Formed by musical director, Andy Williamson, The Bombay Royale has prided themselves on paying homage to 60s and 70s Bollywood, long considered by critics and fans the genre’s golden era, as it was a riotous period of bold, bright colors, thematic sophistication and highly unusual experimentation – and the sounds possessed propulsive rhythms, a rousingly anthemic, yet danceable feel and a larger-than-life, cinematic bombast.
Interestingly, vinyl collectors, funk lovers and hip-hop heads seeking unheard and unfamiliar grooves to sample have been drawn to the sound without knowing much about the sound’s visionary originators, R.D. Burman, Asha Bhosle and Mohammed Rafi, each of whom are household names in their native India. And in some way, Williamson and The Bombay Royale are actively attempting similar to the soul and Afrobeat renaissance of the past decade – attempting to make India’s household names known and beloved to Western ears and hearts.
Now, if you’ve been frequenting JOVM for some time, you might remember that I reviewed The Bombay Royale’s, You, Me, Bullets, Love, which according to Williamson and the band was conceived and written as though it were the soundtrack of a prototypical Bollywood movie; in other words, a whimsical production, international espionage thriller full of double and triple crosses, explosions, death, a comedic sequence here and there, a love story and of course, an epic dance sequence or four. Yes, the actual movie would likely be viewed as ridiculous to jaded Western eyes but no one would be able to deny it’s come-all, be-all, crowd pleasing nature. But at the end of the day, you’d care about the music – and the album’s material which was comprised of a wild mix of wild mix of propulsive, four on the floor disco funk, shimmering tabla, spaghetti western horns and guitar, and psychedelic surfer rock may have some listeners imagining it were the soundtrack of Quentin Tarantino’s forgotten (and long missing) Bollywood-inspired re-tooling of Pulp Fiction or Kill Bill – but with an ebullient, joyful nature at its core.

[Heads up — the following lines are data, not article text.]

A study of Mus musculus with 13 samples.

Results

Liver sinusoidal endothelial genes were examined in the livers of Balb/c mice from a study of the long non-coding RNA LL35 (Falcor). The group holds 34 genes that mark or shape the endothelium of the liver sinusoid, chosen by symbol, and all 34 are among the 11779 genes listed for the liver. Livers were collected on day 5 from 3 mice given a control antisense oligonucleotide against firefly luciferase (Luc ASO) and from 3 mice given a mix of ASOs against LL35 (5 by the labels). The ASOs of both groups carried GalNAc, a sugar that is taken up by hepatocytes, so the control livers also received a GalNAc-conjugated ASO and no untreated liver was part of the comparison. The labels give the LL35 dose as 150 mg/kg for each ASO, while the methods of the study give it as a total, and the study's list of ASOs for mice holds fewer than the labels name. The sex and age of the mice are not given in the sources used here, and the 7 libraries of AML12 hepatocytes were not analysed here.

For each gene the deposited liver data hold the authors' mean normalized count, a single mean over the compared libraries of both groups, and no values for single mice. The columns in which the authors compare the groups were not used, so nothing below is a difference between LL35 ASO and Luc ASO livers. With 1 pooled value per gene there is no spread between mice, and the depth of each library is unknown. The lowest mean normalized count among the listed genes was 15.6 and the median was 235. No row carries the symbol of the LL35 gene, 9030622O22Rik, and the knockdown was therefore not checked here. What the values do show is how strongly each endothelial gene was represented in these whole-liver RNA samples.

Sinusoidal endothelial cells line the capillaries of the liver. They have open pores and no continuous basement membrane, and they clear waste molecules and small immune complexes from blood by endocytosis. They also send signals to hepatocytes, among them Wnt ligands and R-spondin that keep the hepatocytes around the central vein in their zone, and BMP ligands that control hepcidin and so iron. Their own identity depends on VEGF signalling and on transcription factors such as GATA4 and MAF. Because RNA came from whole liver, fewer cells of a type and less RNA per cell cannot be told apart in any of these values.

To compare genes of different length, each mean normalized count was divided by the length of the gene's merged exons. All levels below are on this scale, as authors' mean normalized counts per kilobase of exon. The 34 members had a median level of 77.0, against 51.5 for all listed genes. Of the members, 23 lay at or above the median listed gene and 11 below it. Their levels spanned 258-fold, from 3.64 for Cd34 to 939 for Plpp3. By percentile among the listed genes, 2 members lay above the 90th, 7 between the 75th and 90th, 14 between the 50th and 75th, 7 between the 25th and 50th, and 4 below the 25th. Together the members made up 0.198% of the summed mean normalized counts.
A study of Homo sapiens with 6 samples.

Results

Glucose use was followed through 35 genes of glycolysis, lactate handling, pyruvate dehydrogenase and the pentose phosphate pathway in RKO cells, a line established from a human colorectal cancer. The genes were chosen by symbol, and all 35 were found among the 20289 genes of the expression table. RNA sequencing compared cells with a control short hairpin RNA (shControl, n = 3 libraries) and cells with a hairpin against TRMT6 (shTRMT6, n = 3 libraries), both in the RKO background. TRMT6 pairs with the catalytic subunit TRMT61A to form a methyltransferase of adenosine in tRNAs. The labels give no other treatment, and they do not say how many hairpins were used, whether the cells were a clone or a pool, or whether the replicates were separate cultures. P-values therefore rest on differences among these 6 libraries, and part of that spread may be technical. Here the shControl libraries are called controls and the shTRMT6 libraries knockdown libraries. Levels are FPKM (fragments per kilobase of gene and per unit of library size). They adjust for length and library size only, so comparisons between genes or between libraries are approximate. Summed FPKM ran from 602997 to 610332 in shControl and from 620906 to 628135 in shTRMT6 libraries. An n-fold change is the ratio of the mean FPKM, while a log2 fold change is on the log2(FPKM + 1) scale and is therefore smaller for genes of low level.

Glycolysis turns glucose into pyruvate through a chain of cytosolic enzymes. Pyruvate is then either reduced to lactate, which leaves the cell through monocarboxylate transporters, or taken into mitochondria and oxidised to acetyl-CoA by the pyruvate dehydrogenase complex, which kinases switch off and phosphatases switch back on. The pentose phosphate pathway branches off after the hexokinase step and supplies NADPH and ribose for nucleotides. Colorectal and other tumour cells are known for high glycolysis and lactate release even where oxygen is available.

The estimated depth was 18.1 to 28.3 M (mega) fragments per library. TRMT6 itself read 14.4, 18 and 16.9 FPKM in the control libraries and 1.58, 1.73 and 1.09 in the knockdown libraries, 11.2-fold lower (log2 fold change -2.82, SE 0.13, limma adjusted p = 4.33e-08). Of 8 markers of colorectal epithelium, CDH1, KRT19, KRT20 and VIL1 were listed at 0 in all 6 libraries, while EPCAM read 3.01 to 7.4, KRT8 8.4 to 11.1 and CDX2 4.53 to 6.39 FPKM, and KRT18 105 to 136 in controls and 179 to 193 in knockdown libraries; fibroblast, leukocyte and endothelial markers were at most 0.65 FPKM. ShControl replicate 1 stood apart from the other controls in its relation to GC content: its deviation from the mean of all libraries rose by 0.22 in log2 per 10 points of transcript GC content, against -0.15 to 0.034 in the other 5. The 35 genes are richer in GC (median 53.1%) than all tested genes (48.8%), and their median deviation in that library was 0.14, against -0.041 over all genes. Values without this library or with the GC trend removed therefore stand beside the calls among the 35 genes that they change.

On Record Store Day, The Bombay Royale released a 7 inch vinyl single that features “Wild Stallion Mountain,” which displays their unique aesthetic, which effortlessly meshes the sound of Morricone spaghetti Westerns, slick and propulsive 70s disco, complete with wah-wah pedaled guitars and bass, swirling electronics paired with lyrics dramatically sung in a mix of English, Hindi and Bengali. Much like La Femme’s Psycho Tropical Berlin, it’s a wild mix of disparate things that shouldn’t make sense put together and yet somehow and their Giorgio Moroder meets Morricone meets Bollywood fever dream is ridiculously fun.
The official video for the song is what I can best describe as a riotous fever dream, seemingly influenced by loads of old Westerns, coke, hallucinogens and a wild DIY spirt. I guarantee that it’ll have you repeatedly saying “what the fuck is this?” And yet you’ll get the humor and spirit of it, and how it works for the song.